Adaptive Intrusion Detection Systems: The Next Generation of IDSs

Adaptive Intrusion Detection Systems: The Next Generation of IDSs

Hassina Bensefia (Mohamed El Bachir El Ibrahimi University, Algeria) and Nassira Ghoualmi-Zine (Badji Mokhtar University, Algeria)
DOI: 10.4018/978-1-4666-9562-7.ch108

2.1 Intrusion Detection Concept

The intrusion detection concept was founded by James Anderson in 1980(Anderson, 1980). In his report entitled “Computer Security Threat Monitoring and Surveillance,” Anderson states that it is possible to characterize normal use of a computer system thanks to statistical parameters in the records of users’ habitual activities, called audit trials. He demonstrates that the audit trials contain the relevant information to reconstitute user’s activities. Their analysis enables retracing and understanding the user’s behaviour. It identifies the abusive use of the computing resources, the privilege abuse, the excessive use of computer, and may reveal the ongoing and completed attacks. In this way, Anderson plants the original idea of intrusion detection, which was firstly focused on the mainframe environments. In 1986, Dorothy Denning concretised the ideas of Anderson by developing a prototype for Stanford Research Institute which was baptized « Intrusion Detection Expert System (IDES) ». It was destined to analyze audit trials of government systems and inspect user’s activity. In 1987, Denning published the foundations of IDES prototype in a paper entitled « An Intrusion Detection Model » (Denning, 1987). This publication was the beginning of the intrusion detection era. By the IDES, Denning proposed not only the first IDS but a methodological model revealing the necessary knowledge for the intrusion detection. This concept reaches thereafter a blossoming in research field and technology, thanks to the American government considerateness and financing granted to the research projects.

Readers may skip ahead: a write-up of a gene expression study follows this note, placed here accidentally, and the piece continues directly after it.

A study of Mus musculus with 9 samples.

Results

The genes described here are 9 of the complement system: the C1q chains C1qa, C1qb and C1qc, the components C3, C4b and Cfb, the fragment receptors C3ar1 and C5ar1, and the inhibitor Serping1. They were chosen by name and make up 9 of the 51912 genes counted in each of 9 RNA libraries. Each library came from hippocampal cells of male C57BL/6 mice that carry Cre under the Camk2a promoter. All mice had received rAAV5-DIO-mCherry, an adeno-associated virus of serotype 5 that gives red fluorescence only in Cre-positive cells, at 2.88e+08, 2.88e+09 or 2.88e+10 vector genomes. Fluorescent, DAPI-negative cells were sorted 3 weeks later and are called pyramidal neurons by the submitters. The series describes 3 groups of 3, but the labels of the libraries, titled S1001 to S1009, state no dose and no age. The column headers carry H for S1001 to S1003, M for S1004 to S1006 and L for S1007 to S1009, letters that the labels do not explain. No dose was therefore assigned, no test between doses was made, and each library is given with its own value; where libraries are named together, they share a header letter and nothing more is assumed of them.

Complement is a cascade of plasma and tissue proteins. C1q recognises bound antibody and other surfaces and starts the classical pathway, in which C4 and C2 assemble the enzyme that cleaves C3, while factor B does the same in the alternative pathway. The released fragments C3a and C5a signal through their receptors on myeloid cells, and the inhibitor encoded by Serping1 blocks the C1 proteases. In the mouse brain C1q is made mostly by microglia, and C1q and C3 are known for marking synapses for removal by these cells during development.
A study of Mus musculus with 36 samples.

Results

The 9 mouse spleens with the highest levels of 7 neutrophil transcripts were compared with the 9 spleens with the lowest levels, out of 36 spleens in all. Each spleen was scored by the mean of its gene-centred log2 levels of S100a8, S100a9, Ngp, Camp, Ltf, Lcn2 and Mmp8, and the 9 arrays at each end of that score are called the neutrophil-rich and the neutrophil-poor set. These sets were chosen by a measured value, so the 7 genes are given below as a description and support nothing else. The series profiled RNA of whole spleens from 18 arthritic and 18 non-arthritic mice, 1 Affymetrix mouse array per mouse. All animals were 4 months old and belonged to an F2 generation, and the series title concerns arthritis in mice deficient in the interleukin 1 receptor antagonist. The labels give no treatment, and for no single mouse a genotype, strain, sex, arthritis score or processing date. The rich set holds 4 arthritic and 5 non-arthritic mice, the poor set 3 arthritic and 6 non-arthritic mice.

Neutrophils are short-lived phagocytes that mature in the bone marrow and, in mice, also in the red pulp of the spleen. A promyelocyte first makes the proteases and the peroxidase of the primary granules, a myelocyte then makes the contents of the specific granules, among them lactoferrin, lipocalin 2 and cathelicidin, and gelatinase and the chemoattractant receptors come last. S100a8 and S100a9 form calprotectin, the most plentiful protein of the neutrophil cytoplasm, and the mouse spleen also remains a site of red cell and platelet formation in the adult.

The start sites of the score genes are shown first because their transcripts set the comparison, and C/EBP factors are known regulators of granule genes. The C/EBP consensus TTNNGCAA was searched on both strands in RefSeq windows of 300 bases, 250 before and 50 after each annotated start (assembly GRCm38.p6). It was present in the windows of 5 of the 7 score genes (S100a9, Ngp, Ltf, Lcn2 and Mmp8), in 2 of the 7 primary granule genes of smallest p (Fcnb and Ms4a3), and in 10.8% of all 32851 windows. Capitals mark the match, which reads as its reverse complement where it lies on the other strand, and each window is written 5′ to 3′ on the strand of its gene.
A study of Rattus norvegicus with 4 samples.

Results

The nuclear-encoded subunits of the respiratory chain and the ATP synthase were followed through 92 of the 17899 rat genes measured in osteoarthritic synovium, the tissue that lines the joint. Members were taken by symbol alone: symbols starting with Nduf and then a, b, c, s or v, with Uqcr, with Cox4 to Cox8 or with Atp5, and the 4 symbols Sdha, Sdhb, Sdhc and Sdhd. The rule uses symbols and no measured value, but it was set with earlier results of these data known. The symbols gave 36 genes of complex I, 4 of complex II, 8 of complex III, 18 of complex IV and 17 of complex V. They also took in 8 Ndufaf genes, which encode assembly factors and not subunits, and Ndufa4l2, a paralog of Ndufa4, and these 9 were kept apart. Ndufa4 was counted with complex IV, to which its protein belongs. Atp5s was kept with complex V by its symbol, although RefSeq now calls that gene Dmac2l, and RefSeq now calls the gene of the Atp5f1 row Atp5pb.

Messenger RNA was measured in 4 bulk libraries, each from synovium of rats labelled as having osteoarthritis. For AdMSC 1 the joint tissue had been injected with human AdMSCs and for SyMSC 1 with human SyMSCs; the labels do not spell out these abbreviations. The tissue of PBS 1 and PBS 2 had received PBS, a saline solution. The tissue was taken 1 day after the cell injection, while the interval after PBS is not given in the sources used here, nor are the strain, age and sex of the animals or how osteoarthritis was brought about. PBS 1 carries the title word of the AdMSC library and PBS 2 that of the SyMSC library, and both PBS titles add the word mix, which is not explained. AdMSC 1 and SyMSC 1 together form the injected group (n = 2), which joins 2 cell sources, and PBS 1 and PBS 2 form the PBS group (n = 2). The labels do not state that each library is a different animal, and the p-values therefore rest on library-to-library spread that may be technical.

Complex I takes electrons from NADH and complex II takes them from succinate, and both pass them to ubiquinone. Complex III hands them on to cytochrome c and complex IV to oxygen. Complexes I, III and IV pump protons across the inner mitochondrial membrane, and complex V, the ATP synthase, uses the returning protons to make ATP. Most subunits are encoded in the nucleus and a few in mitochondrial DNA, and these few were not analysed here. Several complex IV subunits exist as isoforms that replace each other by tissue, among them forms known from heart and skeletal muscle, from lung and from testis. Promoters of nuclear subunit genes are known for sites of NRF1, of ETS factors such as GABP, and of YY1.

The intrusion detection is closely linked to the audit mechanism which is an ubiquitous functioning option in the modern operating systems (Mé, 1997) that records the events occurring in a computer system. An event may be any undertaken action in a computing system such as logging session, program execution or file access (An Introduction, 1995) (Noel et al., 2002). The recording of events is performed chronologically and takes the form of a file which includes the date and the time of the occurring event, the identifier of the user who initiates the event, the application employed to execute the event as well as the result of the event progress (success or failure). Audit trial is a chronological sequence of event records. It represents the full history of any user activity, system process or application process (An Introduction, 1995) (Mé, 1997). Audit trials analysis enables reconstructing the complete activity, determining its duration, the user who accomplished it, the involved system resources and the results of its achievement (success or failure).